There’s Nothing You Can Do About It

There’s Nothing You Can Do About It
“The most common way people give up their power is by thinking they don’t have any.”

A friend of mine works for a Wall Street firm. As a result of Covid, she has been able to work in a satellite office rather than schlepping into NYC. Besides lessening her commute by 2+ hours each day, she was also enjoying the more casual surroundings and dress code. She was thrilled that was going to continue until late 2022 until management made the announcement that they were expected to return to the NYC office in a matter of weeks. She’s not one to complain, but the suddenness of the decision threw her. Inherent in her reaction was a feeling of powerlessness. There is nothing she can do to change the outcome.
I also remember the times in my life when I’ve felt the most powerless – working for a manipulative leader with a highly subjective view of the truth; seeing people I love in pain; not getting something I deeply wanted.
Powerlessness is typically a reaction to an external situation or something that feels like it “happens to you.”  Each day, you’re likely faced with people, discussions and situations that leave you feeling stuck, confused, frustrated, resigned with a sense that you might not be able to change it. 

“Powerlessness is typically a reaction to an external situation or something that feels like it ‘happens to you.’” 


Sometimes people don’t pick you.
Sometimes you don’t get invited.
Sometimes you’re not the right fit.
Sometimes things aren’t done the way you’d do them.
Sometimes things move too fast.  Sometimes too slowly.
Sometimes your view isn’t the popular one.
Sometimes the meeting gets away from you.
Sometimes the conversation goes sideways.
But what can we do?
One of my clients is in the C-Suite.  She is a brilliant strategic thinker who can see “the chess moves 3 steps ahead.”  Recently however, she has been frustrated with her relationship with the CEO.  She spent most of our first few sessions venting about him.  Each time I tried to redirect her to what she wanted, we landed back on how the CEO would never support her direction and the diatribe continued.  While she found our conversations cathartic, nothing was changing, and she found herself getting more and more resigned to the situation.
Our work wasn’t about the CEO. While we logically know that we can’t change someone else, it doesn’t stop most of us from spending most of our energy pondering their unreasonableness.  Sure, she could have a conversation, but it’s not a guarantee that anything will change. My client felt powerless because she was focused externally and had lost sight of her own objectives.  Once my client realized that she had allowed her attention and energy to be hijacked, she was able to focus her energy on where she actually did have power.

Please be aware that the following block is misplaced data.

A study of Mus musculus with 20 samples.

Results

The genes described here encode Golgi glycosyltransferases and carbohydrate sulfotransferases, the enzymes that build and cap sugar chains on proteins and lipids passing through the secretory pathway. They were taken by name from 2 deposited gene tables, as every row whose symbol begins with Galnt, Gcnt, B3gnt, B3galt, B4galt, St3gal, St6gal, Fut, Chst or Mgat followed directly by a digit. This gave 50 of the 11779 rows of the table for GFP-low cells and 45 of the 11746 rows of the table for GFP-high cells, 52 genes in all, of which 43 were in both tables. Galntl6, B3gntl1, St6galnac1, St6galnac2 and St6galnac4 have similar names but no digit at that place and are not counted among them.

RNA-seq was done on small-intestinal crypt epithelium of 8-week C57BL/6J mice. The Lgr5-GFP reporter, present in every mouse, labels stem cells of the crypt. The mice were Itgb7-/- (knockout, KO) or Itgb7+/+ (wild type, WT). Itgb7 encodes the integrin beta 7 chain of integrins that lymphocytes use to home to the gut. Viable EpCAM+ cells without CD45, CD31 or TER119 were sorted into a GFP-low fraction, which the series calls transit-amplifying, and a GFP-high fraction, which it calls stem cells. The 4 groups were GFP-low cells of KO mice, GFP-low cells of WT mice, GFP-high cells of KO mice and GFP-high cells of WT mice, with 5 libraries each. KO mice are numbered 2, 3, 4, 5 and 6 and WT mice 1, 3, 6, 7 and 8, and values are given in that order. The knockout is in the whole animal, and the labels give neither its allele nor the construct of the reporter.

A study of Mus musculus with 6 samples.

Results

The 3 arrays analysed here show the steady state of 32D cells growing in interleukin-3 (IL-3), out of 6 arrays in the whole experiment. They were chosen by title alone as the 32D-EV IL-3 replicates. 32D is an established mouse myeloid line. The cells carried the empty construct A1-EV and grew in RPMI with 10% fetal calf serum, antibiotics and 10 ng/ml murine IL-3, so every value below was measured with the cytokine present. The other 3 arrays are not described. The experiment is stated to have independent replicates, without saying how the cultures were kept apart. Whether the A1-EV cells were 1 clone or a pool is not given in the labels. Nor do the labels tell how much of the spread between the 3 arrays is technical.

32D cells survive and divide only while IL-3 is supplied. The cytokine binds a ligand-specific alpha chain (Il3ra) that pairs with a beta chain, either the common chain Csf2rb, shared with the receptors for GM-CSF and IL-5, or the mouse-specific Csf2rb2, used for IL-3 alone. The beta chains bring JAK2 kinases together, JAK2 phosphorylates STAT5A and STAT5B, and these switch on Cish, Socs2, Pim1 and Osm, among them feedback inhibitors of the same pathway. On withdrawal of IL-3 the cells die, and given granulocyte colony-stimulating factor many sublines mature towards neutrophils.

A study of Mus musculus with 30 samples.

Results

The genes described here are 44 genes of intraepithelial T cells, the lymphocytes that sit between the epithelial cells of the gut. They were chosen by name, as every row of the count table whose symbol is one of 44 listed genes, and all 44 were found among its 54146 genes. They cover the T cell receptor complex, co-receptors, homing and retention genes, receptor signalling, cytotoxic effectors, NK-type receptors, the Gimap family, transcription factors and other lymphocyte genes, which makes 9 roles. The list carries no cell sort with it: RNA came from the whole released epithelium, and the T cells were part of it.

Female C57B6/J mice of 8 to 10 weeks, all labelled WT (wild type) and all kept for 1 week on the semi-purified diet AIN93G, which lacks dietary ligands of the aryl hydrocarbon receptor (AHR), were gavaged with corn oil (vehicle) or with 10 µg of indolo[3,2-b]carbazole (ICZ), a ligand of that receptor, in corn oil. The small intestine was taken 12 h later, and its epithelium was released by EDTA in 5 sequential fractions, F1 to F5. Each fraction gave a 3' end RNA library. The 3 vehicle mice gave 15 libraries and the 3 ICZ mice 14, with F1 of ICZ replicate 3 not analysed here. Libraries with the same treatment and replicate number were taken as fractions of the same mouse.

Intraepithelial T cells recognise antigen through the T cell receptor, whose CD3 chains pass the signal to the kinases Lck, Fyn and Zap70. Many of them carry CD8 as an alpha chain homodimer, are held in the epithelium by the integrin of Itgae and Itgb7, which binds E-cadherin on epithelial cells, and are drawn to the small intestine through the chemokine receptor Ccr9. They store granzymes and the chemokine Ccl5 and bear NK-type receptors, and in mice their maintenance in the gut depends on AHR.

So let’s talk about you.  If you’re like most people, you’ve likely been feeling your own flavor of powerlessness.  Powerless to push back.  Powerless to ask for help.  Powerless to say what everyone else is thinking.  Powerless to slow down or unplug. 
The word power comes from the Latin word potere which means ‘to be able.’  Power is nothing more than being able.  As a coach, I help my clients differentiate between what they are able to control; what they are able to influence; and what is merely an area of concern they are unable to actually do anything about.
Here you will find a worksheet that dives deeper into each of these three areas.  Spend some time separating for yourself where you are spending precious energy in vain over things that are outside of your control, and the areas in which you have been letting your actual power go.
So often we give our power away because we don’t recognize we have it in the first place.  Many of us have learned to feel powerless by the times we’ve tried and failed; the times we’ve been made by others to feel small; and the times our power may have actually been taken away.  But sometimes we also give our power away because deep down, owning it can be absolutely terrifying.  Accepting the control we have over our choices, our actions, and our responses means taking responsibility for the results. It’s easier to blame others. It’s less vulnerable to allow our decisions to be made for us. Yet the paradox of choice is that even not choosing eventually becomes a choice in and of itself.  

“Sometimes we give our power away because deep down, owning it can be absolutely terrifying.” 


What ultimately separates those who lead lives of freedom and impact from those who constantly feel like life is happening to them is the ability to embrace their power and take the reins where they do have control. The rest we must learn to simply let go.

Starla Sireno is an Executive Coach in NYC. She partners with leaders to more effectively navigate the complexities of their roles, increase their influence at all levels, and hone their interpersonal communication skills in order to become more impactful both internally and in client-facing roles. Inquire how you can work with Starla or her team.